Apple strudel is a healthy dessert option - honestly
Have a go at this traditional fruit-filled pastry that’s surprisingly easy to make
Apple & Cinnamon Strudel baked by Venessa Greenwood. Photograph: Harry Weir
What could be more delicious in winter than the comforting aroma of lightly spiced apple baked in layers of buttery pastry? Often mistaken as a German pastry, apfelstrudel or apple strudel has its origins in the Austro-Hungarian empire. It is a favourite in all the best Viennese cafés, where artisan bakers still craft the silky sheets of wafer-thin filo pastry by hand using only the finest high gluten flour.
I always think of strudel as a healthier than average dessert, as filo pastry has no butter or sugar added, and using any fresh fruit in baking is pure goodness. I can only marvel at the dexterity and patience required to make filo pastry from scratch – I always buy it. That can be a quest at this time of year when filo is in high demand. Amid the maze of shopping aisles, it will be nestled in the freezer section but you can always make a strudel with a sheet of puff pastry if you are stuck.
Strudels are great fun to make and fillings can be both sweet and savoury (sweet potato, thyme and goats cheese strudel – yum!). A rainy day task might be to make a few strudels with different fillings and tightly wrap and freeze them. The sweetness of this strudel is offset by a slight zing from the lemon zest.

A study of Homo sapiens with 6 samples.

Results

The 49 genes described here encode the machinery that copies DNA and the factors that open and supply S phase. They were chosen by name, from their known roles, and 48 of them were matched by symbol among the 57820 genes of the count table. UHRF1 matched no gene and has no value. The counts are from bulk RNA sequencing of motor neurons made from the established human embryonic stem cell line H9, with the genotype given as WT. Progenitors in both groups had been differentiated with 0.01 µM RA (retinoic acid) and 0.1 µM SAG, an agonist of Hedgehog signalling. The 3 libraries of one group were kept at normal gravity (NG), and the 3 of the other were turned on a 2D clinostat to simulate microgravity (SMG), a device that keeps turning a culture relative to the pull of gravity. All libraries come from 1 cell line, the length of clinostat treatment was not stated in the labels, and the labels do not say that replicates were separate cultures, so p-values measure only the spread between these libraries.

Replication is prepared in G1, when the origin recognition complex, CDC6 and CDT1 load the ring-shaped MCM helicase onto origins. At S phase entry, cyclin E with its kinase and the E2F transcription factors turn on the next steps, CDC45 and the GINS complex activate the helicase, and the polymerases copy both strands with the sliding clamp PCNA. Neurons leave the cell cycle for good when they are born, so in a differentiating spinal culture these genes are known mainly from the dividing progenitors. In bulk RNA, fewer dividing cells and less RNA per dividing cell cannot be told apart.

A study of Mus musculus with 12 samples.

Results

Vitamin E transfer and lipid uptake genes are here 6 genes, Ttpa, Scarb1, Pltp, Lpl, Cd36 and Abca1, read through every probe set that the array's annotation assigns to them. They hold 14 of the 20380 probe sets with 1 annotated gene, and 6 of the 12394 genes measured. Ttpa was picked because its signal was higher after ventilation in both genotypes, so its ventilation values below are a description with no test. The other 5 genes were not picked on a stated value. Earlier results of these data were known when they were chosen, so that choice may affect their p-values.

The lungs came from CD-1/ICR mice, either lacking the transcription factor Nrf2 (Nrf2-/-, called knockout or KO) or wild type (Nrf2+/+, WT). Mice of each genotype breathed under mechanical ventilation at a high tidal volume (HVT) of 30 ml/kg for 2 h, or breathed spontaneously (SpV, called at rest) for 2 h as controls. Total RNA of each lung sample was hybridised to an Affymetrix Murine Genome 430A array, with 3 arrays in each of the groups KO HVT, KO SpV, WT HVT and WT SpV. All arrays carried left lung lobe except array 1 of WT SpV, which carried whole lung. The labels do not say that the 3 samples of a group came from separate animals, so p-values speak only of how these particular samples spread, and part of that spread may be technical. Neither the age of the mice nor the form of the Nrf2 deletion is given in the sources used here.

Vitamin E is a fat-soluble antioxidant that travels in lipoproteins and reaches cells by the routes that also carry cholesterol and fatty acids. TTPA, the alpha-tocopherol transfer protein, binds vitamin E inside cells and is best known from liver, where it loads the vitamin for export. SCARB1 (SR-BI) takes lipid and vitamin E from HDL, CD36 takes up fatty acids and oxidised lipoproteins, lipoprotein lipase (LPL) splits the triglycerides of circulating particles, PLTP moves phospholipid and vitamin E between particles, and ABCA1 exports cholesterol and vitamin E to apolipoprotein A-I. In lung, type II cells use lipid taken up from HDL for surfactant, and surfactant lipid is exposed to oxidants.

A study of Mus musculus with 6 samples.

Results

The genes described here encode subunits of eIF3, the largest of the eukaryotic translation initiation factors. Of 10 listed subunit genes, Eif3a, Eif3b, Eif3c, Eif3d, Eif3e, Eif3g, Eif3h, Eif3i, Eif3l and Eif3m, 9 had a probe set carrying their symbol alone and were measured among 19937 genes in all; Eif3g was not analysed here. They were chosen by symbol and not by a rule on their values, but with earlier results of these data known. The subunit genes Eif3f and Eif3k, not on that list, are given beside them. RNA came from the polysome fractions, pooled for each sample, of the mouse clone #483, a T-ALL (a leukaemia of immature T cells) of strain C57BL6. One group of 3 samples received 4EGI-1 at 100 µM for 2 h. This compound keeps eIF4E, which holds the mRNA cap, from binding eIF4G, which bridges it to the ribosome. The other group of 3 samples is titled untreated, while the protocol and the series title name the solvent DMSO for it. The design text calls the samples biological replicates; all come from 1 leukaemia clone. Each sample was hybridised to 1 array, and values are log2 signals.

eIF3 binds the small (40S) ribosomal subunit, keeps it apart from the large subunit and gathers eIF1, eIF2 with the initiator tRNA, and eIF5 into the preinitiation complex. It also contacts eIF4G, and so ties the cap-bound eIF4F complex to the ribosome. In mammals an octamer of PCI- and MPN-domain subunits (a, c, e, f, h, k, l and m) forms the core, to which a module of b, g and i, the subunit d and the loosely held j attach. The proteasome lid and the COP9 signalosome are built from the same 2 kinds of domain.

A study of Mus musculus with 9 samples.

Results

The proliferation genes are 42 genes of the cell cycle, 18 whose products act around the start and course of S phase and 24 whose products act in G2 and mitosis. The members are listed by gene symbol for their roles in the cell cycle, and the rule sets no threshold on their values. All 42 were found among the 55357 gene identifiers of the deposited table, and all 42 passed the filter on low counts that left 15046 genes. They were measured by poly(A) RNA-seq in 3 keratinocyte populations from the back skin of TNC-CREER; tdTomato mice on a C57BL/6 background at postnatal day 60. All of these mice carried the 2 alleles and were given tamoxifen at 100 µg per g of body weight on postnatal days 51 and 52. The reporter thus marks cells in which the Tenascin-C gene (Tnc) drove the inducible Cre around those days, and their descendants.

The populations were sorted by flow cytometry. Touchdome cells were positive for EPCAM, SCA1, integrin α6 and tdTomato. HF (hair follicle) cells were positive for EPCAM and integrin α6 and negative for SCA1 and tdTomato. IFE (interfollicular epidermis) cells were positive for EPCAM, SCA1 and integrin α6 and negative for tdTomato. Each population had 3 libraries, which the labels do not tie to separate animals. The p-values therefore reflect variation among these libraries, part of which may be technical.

The Austrians dust their strudels with icing sugar and serve them with a light custard. I find this strudel irresistible served hot and crisp against the chill of vanilla ice cream, others prefer lashings of thick custard.
6-7 sheets filo pastry (approx 270g)
60g melted butter
For the filling
4-5 large cooking apples, peeled, cored, cut into large dice
50g demerara sugar and extra for the top
Finely grated zest and juice of ½ lemon
1 tsp ground cinnamon
50g flaked almonds
3-4 tbsp white breadcrumbs
150ml whipped cream, to serve
1. Pre-heat the oven to 190°C fan. Once the oven is hot, use a baking tray to lightly toast the almonds for 6 minutes or until golden, then crispen the breadcrumbs (approx 10 mins).
2. Place the apples, sugar, lemon juice and zest (and a splash of water if required) in a medium heavy-based saucepan. Cook on a low to medium heat for 5-8 minutes until starting to soften, add the cinnamon and sultanas. Remove from the heat and set aside to cool.
3. To assemble the strudel, place a rectangular sheet of filo pastry on a clean work surface, and working quickly so the pastry doesn’t dry out, brush with melted butter then continue layering and basting each sheet (reserve one unbasted).
4. Leaving a border at either short end, sprinkle a wide strip of toasted almonds down the middle, lay the reserved filo sheet on top and baste again. Sprinkle the breadcrumbs down the middle, then spoon the apple filling over the breadcrumbs forming a long mound.
5. Tuck the pastry ends inwards and fold the sides inwards to form a long parcel, basting with extra butter. Lift the parcel onto a baking tray. Use a knife to cut 3-4 diagonal slices into the top of the pastry to allow steam to escape. Brush the top with melted butter, and sprinkle with sugar.
6. Bake for 15 minutes to allow the pastry to colour nicely, then reduce the oven to 180°C fan for 30-40, minutes until the pastry is golden.
7. Serve hot and crisp, in slices with whipped cream, custard or ice cream.
Variation: Create fillings with many variations of fruit, nuts and spices. Apple can be combined with pear, plum and summer berries. Walnuts and pine nuts can be used instead of almonds.